Using Spatial Reasoning in Math

Instructor: Yuanxin (Amy) Yang Alcocer

Amy has a master's degree in secondary education and has taught math at a public charter high school.

In this lesson, you will learn how spatial reasoning is a different way to encourage the development of mathematical skills in young students. You'll also learn what kinds of activities are ideal for spatial reasoning.

Spatial Reasoning

Can you picture a spinning cube? If you can, then you are using what is called spatial reasoning. Spatial reasoning is defined as the ability to imagine things in three-dimensions. It includes the ability to move objects around in your mind. This type of reasoning has been shown to be very beneficial to young learners starting from kindergarten. It helps them develop their math skills better than traditional paper and pen number exercises.

Spatial reasoning oftentimes is a better way to teach math
spatial reasoning

Instead of teaching the number line by showing your students a line and then writing the numbers on it, you can have your students use spatial reasoning and use blocks to represent each number on the number line. This way, your students can visualize it in their heads and get a sense of magnitude at the same time. Young students who aren't able to articulate very well often do much better with spatial reasoning activities as they can use gestures to help them explain. Many times, these students find their words as they gesture.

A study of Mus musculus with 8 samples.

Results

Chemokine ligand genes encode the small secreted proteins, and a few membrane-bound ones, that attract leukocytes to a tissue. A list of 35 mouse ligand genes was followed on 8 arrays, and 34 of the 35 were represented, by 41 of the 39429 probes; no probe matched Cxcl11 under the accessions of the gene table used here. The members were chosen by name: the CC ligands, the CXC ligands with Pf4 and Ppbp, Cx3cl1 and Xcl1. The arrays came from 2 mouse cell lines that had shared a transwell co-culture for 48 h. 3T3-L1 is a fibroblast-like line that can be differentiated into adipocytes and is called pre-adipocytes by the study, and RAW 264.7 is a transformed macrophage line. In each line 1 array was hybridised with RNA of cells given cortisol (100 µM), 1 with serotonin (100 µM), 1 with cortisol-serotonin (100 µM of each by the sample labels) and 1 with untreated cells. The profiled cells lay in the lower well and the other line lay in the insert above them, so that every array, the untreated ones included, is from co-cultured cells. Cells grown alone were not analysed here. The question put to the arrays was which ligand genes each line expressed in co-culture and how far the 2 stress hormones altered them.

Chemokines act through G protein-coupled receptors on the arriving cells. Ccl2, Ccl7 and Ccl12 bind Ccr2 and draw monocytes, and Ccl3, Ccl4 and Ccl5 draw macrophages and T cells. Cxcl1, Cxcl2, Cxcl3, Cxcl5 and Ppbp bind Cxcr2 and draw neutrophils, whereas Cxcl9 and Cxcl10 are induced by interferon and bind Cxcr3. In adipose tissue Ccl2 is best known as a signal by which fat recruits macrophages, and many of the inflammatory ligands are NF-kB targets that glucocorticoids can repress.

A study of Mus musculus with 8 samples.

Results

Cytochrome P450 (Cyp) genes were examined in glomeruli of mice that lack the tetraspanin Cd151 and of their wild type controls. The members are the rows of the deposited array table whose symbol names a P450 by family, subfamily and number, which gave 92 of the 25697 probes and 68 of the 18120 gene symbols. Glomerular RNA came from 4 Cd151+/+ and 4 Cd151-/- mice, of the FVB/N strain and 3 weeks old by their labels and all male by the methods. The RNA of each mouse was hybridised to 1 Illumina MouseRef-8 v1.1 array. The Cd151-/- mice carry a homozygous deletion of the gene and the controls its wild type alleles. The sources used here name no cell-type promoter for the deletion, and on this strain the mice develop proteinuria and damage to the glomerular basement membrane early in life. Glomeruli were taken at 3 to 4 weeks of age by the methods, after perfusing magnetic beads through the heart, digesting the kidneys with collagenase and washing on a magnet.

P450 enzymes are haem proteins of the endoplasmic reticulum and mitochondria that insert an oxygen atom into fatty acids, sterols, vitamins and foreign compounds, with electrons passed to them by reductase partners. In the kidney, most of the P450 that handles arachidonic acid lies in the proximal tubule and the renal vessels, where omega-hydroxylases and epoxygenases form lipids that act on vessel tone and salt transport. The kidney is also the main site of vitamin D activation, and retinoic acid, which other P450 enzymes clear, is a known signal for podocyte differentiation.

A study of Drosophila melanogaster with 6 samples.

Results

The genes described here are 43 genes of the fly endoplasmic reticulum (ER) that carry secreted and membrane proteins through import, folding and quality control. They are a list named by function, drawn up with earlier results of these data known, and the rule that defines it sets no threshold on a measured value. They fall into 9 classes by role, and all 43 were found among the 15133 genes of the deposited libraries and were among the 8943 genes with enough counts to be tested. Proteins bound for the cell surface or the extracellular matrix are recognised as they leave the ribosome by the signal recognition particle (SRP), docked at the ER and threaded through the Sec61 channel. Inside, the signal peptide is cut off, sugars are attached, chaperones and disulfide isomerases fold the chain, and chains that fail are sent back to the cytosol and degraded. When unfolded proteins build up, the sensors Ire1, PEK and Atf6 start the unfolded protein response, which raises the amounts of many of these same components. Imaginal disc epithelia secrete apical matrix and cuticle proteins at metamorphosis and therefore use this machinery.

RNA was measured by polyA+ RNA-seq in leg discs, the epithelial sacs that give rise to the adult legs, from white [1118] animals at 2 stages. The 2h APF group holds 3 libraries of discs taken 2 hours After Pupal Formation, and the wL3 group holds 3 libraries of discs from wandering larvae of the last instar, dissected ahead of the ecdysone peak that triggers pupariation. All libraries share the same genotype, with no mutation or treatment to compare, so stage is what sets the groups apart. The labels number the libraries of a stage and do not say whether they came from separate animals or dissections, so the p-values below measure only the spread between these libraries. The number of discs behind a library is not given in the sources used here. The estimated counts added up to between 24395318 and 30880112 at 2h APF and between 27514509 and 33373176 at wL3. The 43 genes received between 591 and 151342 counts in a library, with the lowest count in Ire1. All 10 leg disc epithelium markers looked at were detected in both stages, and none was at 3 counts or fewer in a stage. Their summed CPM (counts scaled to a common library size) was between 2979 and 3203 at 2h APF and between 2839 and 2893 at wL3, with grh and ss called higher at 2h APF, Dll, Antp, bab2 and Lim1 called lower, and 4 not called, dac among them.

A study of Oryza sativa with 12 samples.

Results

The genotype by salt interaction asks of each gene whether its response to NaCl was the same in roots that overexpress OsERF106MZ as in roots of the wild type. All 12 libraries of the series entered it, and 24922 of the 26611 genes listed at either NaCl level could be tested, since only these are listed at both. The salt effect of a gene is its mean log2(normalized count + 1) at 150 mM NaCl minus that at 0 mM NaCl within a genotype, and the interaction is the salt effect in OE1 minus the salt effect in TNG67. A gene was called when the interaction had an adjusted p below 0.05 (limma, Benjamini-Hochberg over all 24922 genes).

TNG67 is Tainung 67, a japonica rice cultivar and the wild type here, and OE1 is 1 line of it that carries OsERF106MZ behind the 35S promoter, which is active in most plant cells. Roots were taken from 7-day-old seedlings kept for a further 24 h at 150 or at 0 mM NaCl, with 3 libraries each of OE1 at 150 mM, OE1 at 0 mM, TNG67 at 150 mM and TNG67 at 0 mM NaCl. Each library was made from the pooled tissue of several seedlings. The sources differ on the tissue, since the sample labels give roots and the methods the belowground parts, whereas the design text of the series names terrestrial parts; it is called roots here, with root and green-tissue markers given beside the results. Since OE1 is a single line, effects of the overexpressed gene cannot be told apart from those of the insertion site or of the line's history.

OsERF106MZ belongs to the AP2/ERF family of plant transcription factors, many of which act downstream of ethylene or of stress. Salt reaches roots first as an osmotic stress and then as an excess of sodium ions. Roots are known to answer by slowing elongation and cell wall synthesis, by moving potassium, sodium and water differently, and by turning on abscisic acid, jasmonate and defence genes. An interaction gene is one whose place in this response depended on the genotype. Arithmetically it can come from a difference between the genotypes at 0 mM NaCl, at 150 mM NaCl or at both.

Imagining

A major part of spatial reasoning is imagining. Students use their imagination to help them visualize and move objects around in their heads. For example, after showing your students the number line with the help of blocks, you can now ask your students to visualize different numbers in their heads with these blocks. You can have your students compare two different numbers to see which is greater. You can also have your students tell you how many more blocks the greater number has. This ability to spatially reason with blocks can help your students as they move onto addition and subtraction.

Let's take a look at two different tools you can use spatial reasoning with now.

Blocks

This first tool is that of blocks. You've already seen how you can use blocks to help you teach the number line. You can also use blocks to teach rotations and symmetry. You can also use a flattened version of a block to help your students spatially reason. These flattened versions are called nets, where if you cut them out, you can fold them back into the block. One way you can use these nets is to show your students a collection of various nets and then ask them to pick out the ones that will fold to give you a block.


spatial reasoning


To help with your student's spatial reasoning, you can have your students cut these nets out and try making blocks out of them. This is a great way for young learners to begin learning about shapes, too.